To oversee and support qualified chaplains for the giving of pastoral care in the hospitals: to provide material for the screening and supervision of volunteers in this area of ministry; and, to develop healthy working relationships and collaborate with parish pastoral care teams, St. Joseph Health Care Society, parish nurses, deacons, volunteers, and chaplains working in the various health care facilities throughout the Diocese.
This ministry works collaboratively with 29 hospitals and 94 long-term care facilities with more than 14,000 beds. Chaplain teams in both Windsor and London have been solidified since 2009. The ministry works with the deaneries to address hospital and long-term care issues, distribute brochures and to provide workshops for the training of pastoral care visitors for hospitals and LTCs.
A deacon writes, “My involvement in ministry at Met Hospital in Windsor has developed from wondering what I am doing here to having a difficult time leaving because of people stopping me and wanting to talk. This covers a variety of subjects, from a belief in God to prayer requests. The most satisfying part of this ministry is the look on the face of the people when they recognize me and make the connection to our parish and the people of God. One man told me it was great to see someone he knew from the parish (he died about two weeks later). The physical presence in the hospitals is a sign that Church life goes beyond the doors of the building in which we worship, and into the lives of people. It is particularly important in times of crisis, such as when death is imminent, for both the patient and their family.”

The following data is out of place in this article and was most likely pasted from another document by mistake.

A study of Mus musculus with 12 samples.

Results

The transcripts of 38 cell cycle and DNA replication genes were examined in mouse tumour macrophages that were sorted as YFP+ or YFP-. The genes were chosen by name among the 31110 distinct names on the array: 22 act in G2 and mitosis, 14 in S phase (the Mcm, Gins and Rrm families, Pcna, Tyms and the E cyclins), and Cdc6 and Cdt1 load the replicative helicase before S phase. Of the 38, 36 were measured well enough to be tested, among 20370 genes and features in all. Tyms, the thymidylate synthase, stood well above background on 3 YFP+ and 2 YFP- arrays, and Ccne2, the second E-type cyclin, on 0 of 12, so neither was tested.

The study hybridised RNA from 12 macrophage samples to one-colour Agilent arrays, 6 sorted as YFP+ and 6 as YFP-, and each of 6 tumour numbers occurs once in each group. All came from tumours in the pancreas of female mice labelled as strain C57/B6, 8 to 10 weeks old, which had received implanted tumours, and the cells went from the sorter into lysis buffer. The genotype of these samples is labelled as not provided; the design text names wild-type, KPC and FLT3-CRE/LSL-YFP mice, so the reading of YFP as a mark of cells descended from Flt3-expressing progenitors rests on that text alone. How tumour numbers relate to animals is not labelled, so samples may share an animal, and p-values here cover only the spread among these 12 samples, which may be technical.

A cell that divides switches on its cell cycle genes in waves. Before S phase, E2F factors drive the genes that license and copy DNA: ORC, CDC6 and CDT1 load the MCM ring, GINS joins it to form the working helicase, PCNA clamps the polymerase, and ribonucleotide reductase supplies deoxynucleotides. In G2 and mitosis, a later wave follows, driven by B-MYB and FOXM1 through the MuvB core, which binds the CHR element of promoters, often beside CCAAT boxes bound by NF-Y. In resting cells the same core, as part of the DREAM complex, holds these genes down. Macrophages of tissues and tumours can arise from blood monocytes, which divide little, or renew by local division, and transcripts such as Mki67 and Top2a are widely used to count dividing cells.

Brenda was admitted with respiratory distress. She had always attended church with her family, but as an outsider. Over her extended stay at the hospital she requested Baptism, then Holy Communion and Confirmation. She was also able to talk freely about her impending death and its effect on her family. Brenda died at home one week after her release from Victoria Hospital in full communion with her church and at peace with her God and her family.
Joe had been admitted with extensive trauma to the lower half of his body following a tragic industrial accident. We journeyed with the family every step of the way and were with them the night he died. Thirteen months later his widow came across the business card of one of our chaplains and sought grief counseling.
Gordon was admitted and clearly indicated that he was a non-practicing Catholic. When his surgery was delayed, we continued to visit with Gordon and his wife, building a good relationship. We never pushed prayer on them. As Christmas approached, he began to ask for a prayer at the end of each visit. On the Friday after Christmas he and his wife attended Mass in the chapel. When surgery came he was well prepared and recuperated quickly.